Check Out the Coolest Tech From the 2017 New York Luxury Technology Show

Friday, 24 March 2017 - 4:35PM
Technology
Gadgets
Friday, 24 March 2017 - 4:35PM
Check Out the Coolest Tech From the 2017 New York Luxury Technology Show
When you walk into the Metropolitan Pavilion in Manhattan for the annual Luxury Technology Show, you'll see a lot of things: a Tesla Model X car sitting in the back, a Yamaha jet ski to your right, and tables full of tech that cost half a year's salary. Here's the coolest stuff we saw at the show.

1. The Rapael Smart Glove


This gadget looks like a skeletal version of Nintendo's Power Glove, but it's the real deal when it comes to virtual reality. In addition to creating the actual glove, Rapael provides a series of game-like VR exercises (like pouring wine or picking up objects) so you can practice grasping and moving things with your fingers and palm. The Smart Glove is currently aimed at patients going through rehabilitation to gain full use of their hands, but the potential for VR telekinesis and easy AR interactions (like Tom Cruise in Minority Report) seems obvious.

The ONO Smartphone 3D Printer


This one really blew me away. The ONO system is super simple: you set your smartphone face-up on the bottom of the black box below, insert the plastic tray on top of it, fill the tray with some of the liquid solution, then put the top on and let the printer start working. Right now the types of things you can print is mostly small (3 inches or so tall), but ONO is already working on creating a new printer with a 12-inch diagonal. In the meantime, however, the creations you can make with the regular model are so high-quality that you can use them for metal-casting. All of ONO's 3D design files are created by users, so you can create almost anything you can imagine in minute detail.


3. HIFIMAN Earbudgs


I've never considered myself an audiophile—I've been too concerned with budget than chasing the highest quality sound possible to mankind. Still, sitting down at the HIFIMAN table and putting on their RE800 earbuds reminded me that there's definitely a world beyond Skullcandy and Beats: scrolling through their library of songs, hosted on their custom player, I felt like I was hearing some of them for the first time. It wasn't just the bass or the vocals, it was like I could hear every twang of the guitar. Though earbuds and player were actually quite reasonable, but on the other end of the spectrum is something like the HE100 V2, HIFIMAN's flagship over-ear, planar magnetic headphones, which look and sound like something made for astronauts and clock in around $3000. All things considered, HIFIMAN definitely proves that when you focus on sound, it makes a huge, juicy difference.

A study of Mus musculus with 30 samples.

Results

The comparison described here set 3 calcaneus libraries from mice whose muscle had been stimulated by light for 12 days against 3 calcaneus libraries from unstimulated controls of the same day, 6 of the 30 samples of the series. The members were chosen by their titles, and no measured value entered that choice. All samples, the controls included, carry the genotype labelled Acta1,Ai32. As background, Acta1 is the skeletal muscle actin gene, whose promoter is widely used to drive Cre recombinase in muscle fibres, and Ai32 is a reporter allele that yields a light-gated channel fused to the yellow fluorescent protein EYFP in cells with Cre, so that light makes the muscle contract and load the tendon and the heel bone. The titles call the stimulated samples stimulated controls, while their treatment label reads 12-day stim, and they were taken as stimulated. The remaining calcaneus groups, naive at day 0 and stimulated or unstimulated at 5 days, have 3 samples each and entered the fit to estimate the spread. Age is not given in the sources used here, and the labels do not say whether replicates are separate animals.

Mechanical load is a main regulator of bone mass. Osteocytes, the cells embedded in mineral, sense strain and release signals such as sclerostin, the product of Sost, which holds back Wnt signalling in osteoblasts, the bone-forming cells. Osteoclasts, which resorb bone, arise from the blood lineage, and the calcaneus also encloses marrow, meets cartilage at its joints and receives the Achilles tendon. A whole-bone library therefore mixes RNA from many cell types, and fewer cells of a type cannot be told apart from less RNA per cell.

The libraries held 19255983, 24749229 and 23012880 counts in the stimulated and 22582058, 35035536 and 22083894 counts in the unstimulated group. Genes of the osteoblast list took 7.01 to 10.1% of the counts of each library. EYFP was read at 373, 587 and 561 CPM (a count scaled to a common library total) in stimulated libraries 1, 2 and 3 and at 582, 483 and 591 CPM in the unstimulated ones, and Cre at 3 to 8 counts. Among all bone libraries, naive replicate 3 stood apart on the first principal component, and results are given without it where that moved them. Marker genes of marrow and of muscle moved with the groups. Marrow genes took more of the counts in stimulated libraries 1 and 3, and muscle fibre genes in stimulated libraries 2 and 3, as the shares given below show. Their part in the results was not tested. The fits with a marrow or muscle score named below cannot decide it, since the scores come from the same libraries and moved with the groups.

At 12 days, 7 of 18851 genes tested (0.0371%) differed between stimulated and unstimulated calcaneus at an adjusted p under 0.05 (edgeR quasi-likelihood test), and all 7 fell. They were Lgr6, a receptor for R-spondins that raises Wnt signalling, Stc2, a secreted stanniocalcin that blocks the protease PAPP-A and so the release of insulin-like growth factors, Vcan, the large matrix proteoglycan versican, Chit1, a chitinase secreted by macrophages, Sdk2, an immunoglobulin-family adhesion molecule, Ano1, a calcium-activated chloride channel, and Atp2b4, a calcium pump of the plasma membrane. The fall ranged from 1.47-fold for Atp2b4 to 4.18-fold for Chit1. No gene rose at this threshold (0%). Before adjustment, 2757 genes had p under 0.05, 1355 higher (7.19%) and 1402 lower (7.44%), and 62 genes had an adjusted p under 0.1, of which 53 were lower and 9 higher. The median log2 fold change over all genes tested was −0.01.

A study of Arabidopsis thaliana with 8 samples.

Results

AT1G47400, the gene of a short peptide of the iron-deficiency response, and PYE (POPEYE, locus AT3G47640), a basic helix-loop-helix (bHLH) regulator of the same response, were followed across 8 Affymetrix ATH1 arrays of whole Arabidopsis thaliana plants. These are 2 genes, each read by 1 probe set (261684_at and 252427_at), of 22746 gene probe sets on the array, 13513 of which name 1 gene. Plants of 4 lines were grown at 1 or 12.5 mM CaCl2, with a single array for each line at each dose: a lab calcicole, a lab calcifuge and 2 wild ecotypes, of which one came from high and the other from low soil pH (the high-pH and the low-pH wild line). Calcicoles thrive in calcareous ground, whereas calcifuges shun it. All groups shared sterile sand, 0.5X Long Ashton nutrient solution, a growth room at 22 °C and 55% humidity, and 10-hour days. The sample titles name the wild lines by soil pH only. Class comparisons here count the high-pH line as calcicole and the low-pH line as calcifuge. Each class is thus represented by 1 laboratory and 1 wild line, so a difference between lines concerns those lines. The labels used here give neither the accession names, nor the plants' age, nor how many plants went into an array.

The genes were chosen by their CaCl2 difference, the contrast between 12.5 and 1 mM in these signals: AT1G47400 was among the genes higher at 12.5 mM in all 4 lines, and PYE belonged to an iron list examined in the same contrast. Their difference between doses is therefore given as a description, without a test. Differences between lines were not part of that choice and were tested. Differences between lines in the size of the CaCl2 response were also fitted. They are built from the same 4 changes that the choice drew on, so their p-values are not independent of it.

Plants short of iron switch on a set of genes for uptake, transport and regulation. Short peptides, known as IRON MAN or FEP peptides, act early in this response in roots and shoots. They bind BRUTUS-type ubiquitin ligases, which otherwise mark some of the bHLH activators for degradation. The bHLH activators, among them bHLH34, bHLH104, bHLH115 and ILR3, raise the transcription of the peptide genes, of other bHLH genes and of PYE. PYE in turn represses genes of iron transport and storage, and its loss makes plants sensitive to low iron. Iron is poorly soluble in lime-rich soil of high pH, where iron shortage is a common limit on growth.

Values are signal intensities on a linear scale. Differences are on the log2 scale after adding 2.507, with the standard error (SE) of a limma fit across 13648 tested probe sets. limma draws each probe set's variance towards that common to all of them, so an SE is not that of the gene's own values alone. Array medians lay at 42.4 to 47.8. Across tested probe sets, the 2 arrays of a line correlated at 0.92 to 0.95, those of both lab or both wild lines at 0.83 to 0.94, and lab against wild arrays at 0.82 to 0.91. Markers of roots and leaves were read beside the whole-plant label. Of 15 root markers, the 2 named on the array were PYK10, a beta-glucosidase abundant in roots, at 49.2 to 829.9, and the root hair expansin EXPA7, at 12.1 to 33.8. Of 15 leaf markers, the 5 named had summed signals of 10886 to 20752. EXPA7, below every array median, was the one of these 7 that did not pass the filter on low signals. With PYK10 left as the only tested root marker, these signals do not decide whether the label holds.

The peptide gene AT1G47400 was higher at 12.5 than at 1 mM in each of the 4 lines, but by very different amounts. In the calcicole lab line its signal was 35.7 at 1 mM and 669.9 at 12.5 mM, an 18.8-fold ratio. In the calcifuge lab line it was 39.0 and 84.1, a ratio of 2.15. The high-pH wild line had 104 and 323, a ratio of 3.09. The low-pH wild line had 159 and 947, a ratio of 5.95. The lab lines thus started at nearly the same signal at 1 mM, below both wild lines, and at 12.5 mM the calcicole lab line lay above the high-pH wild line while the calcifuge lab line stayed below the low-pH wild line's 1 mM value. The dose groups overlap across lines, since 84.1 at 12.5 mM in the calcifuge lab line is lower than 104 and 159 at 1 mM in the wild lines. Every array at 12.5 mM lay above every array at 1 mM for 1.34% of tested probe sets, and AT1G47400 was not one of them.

VINCI Smart Headphones


I just got to put these on for a few minutes, but I was impressed with how light they were. I didn't get a chance to try out the voice commands either, but after reading some of the literature, I was intrigued. The people at VINCI have managed to fit an entire onboard computer into the earphones, along with a cool touch display and some fun graphics. It can also connect with your phone and other devices, which makes it handy if you've got bluetooth speakers going on in another room. One thing I was not a fan of was the sound quality or "noise-cancelling"—though we were on a crowded show floor, the sound quality sounded a bit tinny. Maybe it was just the come-down from HIFIMAN.



D'Angelico Guitars


Anyone who's ever looked at a guitar and said "Oh yes, it will be mine" knows that there's something beautiful about the craftmanship, the hardware. D'Angelico has a whole range of guitars, from $300 axes to deluxe models in the thousands, but the real claim to fame is John D'Angelico, the legendary guitar craftsman who made hundreds of archtop guitars by hand before dying in 1964. Since then, the D'Agostino brand has been resurrected and the original handiwork scanned and recreated almost exactly the way it was a half-century ago.